In high school, Keenan Allen was considered the top safety in the country by several major recruiting services. But he quit the position to play wide receiver at Cal, and now he’s one of college football’s most explosive offensive players.
With a young team, Cal will need another productive offensive season from the junior to be competitive in the Pac-12 Conference. But that doesn’t mean Allen won’t be imagining himself in the secondary when the Bears’ defense lines up against Nevada’s pistol offense in the first game at the refurbished Memorial Stadium on Saturday.
“Every play, I want to be out there with the defense,” Allen said.
As a senior at Northern Guilford High School in Greensboro, N.C., Allen collected 145 tackles and eight interceptions at safety, while scoring an incredible 53 touchdowns on offense. He was ranked No. 5 on the Rivals.com 250 list and choose Cal so that he could play on the offensive side of the ball with his half brother, quarterback Zach Maynard.
“I kind of want the ball in my hands — it comes down to that,” Allen said.
He lived up to his billing right away, breaking DeSean Jackson’s school freshman receptions record with 46 in 2010. As a sophomore, he was second in the Pac-12 in receptions (98) and third in receiving yards (1,343).
“When I circle the Cal game, the first thing that comes to mind is: How are we going to slow that guy down?” Stanford coach David Shaw said. “He’s as good as anybody [in college football right now] that I’ve seen live or on TV.”
Coach Jeff Tedford said Allen could also be one of the best safeties in the country if he played defense.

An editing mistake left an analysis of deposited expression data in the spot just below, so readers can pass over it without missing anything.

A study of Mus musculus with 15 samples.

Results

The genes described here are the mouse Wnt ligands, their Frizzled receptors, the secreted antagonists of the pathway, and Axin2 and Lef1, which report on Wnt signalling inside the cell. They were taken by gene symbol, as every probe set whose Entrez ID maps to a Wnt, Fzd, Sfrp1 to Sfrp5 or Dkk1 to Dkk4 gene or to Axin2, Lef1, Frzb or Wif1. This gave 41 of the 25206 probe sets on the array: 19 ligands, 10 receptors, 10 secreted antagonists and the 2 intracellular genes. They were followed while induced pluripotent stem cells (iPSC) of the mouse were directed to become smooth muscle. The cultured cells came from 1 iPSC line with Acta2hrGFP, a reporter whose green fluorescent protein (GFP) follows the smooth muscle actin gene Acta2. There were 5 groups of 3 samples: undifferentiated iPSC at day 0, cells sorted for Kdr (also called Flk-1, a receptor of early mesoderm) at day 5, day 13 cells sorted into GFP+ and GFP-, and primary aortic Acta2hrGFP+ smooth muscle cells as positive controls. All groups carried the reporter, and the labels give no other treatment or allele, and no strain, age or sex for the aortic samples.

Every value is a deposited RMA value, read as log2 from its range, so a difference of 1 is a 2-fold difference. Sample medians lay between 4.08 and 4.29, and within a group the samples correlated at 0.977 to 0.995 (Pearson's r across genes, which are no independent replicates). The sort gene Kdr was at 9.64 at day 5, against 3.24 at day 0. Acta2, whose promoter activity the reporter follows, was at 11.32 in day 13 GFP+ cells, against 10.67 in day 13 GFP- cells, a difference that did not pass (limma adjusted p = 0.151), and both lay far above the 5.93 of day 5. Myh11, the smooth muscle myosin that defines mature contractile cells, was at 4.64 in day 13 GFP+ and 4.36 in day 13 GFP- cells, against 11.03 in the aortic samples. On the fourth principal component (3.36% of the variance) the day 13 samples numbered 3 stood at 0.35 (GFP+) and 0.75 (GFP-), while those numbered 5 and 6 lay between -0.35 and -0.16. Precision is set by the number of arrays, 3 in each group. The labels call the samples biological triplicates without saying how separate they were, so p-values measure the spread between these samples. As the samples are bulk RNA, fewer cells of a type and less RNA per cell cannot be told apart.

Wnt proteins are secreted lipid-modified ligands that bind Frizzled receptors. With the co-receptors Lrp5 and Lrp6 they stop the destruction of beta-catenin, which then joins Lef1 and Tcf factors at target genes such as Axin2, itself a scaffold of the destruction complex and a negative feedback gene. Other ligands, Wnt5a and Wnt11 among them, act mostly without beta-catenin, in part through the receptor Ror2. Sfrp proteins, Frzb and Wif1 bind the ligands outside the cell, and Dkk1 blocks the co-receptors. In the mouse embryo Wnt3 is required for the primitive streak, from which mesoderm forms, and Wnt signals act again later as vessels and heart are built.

“Keenan’s a guy who can do pretty much anything he wants to do. He’s very gifted,” Tedford said. “For us, he could play either side of the ball — there’s no doubt about it. He could go play safety and be just as effective.”
But the Bears aren’t planning to move Allen; they need him on offense. With Marvin Jones’ departure, Allen is now the only receiver on the Bears’ depth chart who’s caught a pass in a college game.
Meanwhile, the Bears’ starting secondary enters the season with a combined 107 games of experience between seniors Josh Hill and Marc Anthony and juniors Alex Logan and Steve Williams. The defense has allowed the conference’s fewest yards from scrimmage two years in a row.
“I don’t know if [the defense] could be any better,” Allen said.
But would the NFL be interested in Allen as a safety? Now that the double-tight-end set is all the rage, pro teams are said to be looking for big, physical safeties that can match up with the Rob Gronkowskis and Vernon Davises of the world. At 6-foot-3, 210 pounds, Allen fits the description.
Allen is planning to enter the draft in April and he said the idea of playing defense in the NFL is enticing.
“I’m all for it,” Allen said when asked if he’d consider such a proposition.
But Tedford said a switch is improbable.
“It would be different, maybe, if he wasn’t so productive,” he said.
NOTE: Cal sophomore linebacker Cecil Whiteside was ruled academically ineligible for the 2012 season Tuesday, but is still a member of the team. Whiteside had been dismissed from the squad on May 24 for violating a team rule, but was reinstated late in July. Whiteside recorded 17 tackles as a freshman in 2011.